Latest Updates on Transfusion in the Critically Ill

Blood transfusions are common in critically ill patients, with 2 in 5 adults admitted to an ICU receiving a transfusion. The Critical Care NetWork will cite some of the key references in the debate on restrictive thresholds for transfusions and their association with improved outcomes.

    Credit: Wellcome Images, London
  2. The CRIT Study: Anemia and blood transfusion in the critically ill--current clinical practice in the United States
  3. A prospective, multicenter, observational cohort study of U.S. ICU patients found that 44% of patients received one or more transfusions while in the ICU and that transfusions were independently associated with worse outcomes. The number of RBC transfusions was independently associated with longer ICU and hospital lengths of stay and an increase in mortality. Patients who received transfusions also had more total complications and were more likely to experience a complication.
  4. Anemia and Blood Transfusion in Critically Ill Patients
  5. This prospective, multicenter, observational European cohort study found that 37% of patients received one or more transfusions while in the ICU and that transfusions were independently associated with worse outcomes including mortality and organ system failure.
  6. Lower versus Higher Hemoglobin Threshold for Transfusion in Septic Shock
  7. This randomized trial of 998 adult patients with septic shock that compared high (Hb < 9 g/dL) vs low (Hb < 7 g/dL) thresholds for transfusion found no differences in outcomes (including mortality) in those with lower transfusion threshold. This trial suggested that lower transfusion thresholds are safe in septic patients.
  8. Transfusion Strategies for Patients in Pediatric Intensive Care Units
  9. A randomized trial of 637 critically ill children compared liberal (Hb < 9 g/dL) vs conservation (Hb < 7 g/dL) thresholds for transfusion. The trial also found no differences in outcomes (including mortality) in those with more restrictive transfusion threshold. This suggests that lower transfusion thresholds are safe in critically ill children.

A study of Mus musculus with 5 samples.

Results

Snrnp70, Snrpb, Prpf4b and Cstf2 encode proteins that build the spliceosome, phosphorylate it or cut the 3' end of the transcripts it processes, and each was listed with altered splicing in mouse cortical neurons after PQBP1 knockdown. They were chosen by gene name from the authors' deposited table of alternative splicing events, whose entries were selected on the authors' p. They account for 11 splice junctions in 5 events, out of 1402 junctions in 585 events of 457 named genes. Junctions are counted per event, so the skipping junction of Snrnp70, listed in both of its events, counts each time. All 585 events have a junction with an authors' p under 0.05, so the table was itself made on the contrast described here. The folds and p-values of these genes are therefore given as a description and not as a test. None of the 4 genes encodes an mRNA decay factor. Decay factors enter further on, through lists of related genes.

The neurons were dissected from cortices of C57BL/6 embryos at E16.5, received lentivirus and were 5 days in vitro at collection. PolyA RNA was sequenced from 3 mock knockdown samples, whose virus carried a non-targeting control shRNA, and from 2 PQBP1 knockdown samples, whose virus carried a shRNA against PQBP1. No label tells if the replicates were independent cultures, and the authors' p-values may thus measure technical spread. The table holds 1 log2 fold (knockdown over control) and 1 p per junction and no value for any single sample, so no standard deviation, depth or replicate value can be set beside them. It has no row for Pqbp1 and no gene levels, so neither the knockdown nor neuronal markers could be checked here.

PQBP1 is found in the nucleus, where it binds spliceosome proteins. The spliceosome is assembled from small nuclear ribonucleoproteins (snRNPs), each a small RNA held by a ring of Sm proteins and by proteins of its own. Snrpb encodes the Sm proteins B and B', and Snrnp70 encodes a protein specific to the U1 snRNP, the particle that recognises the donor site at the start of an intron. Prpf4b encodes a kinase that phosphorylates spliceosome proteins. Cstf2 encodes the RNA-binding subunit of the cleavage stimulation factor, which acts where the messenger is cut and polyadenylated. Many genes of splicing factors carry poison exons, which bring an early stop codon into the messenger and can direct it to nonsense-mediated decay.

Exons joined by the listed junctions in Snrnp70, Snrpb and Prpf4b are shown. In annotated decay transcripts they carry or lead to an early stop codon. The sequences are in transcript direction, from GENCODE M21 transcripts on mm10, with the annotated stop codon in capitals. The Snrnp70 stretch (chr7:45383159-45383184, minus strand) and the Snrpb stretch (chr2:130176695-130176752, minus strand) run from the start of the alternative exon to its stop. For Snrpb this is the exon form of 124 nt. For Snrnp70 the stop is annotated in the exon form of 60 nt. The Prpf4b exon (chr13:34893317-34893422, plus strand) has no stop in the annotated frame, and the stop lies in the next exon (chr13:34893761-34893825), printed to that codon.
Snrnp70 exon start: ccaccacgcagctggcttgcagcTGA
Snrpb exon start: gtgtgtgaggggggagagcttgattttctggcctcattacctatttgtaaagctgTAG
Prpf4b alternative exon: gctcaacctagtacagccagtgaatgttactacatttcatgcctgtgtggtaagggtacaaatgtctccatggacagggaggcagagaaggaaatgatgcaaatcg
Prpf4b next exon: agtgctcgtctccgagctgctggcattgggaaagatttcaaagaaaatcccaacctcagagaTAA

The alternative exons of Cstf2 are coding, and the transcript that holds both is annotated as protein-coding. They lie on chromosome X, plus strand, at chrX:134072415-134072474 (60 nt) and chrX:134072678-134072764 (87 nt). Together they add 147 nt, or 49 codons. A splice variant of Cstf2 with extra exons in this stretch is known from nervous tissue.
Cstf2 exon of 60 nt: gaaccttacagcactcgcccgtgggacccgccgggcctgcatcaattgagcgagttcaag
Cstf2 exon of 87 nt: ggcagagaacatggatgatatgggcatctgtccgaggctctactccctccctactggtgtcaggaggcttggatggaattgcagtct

10. Age of Transfused Blood in Critically Ill Adults
  11. A multicenter randomized blinded trial in over 2,400 critically ill patients in 64 centers compared new blood (mean storage (±SD) of 6.1±4.9 days) versus old blood with storage of 22.0±8.4 day (P<.001). There was no statistically significant difference in 90-day mortality.
  12. Transfusion of fresher vs older red blood cells in hospitalized patients
  13. This meta-analysis of 12 trials and 5,229 patients compared “fresh blood” or blood stored for 3 to 10 days to “older blood” stored for longer durations. Results found that there was no difference in mortality and no difference in adverse events, such as acute transfusion reactions, when comparing the two groups.
  14. Effect of Short-Term vs. Long-Term Blood Storage on Mortality after Transfusion
  15. This randomized trial compared outcomes in 20,858 hospitalized patients transfused with fresh blood (mean storage time 13.0±7.6 days) to older blood (mean storage time 23.6±8.9 days). Results showed no differences in mortality when comparing those transfused with fresh vs old blood (8.7% vs 9.1%). Additionally, there was no difference when examining the predetermined subgroups including those undergoing cardiovascular surgery, those with cancer, and those admitted to the ICU.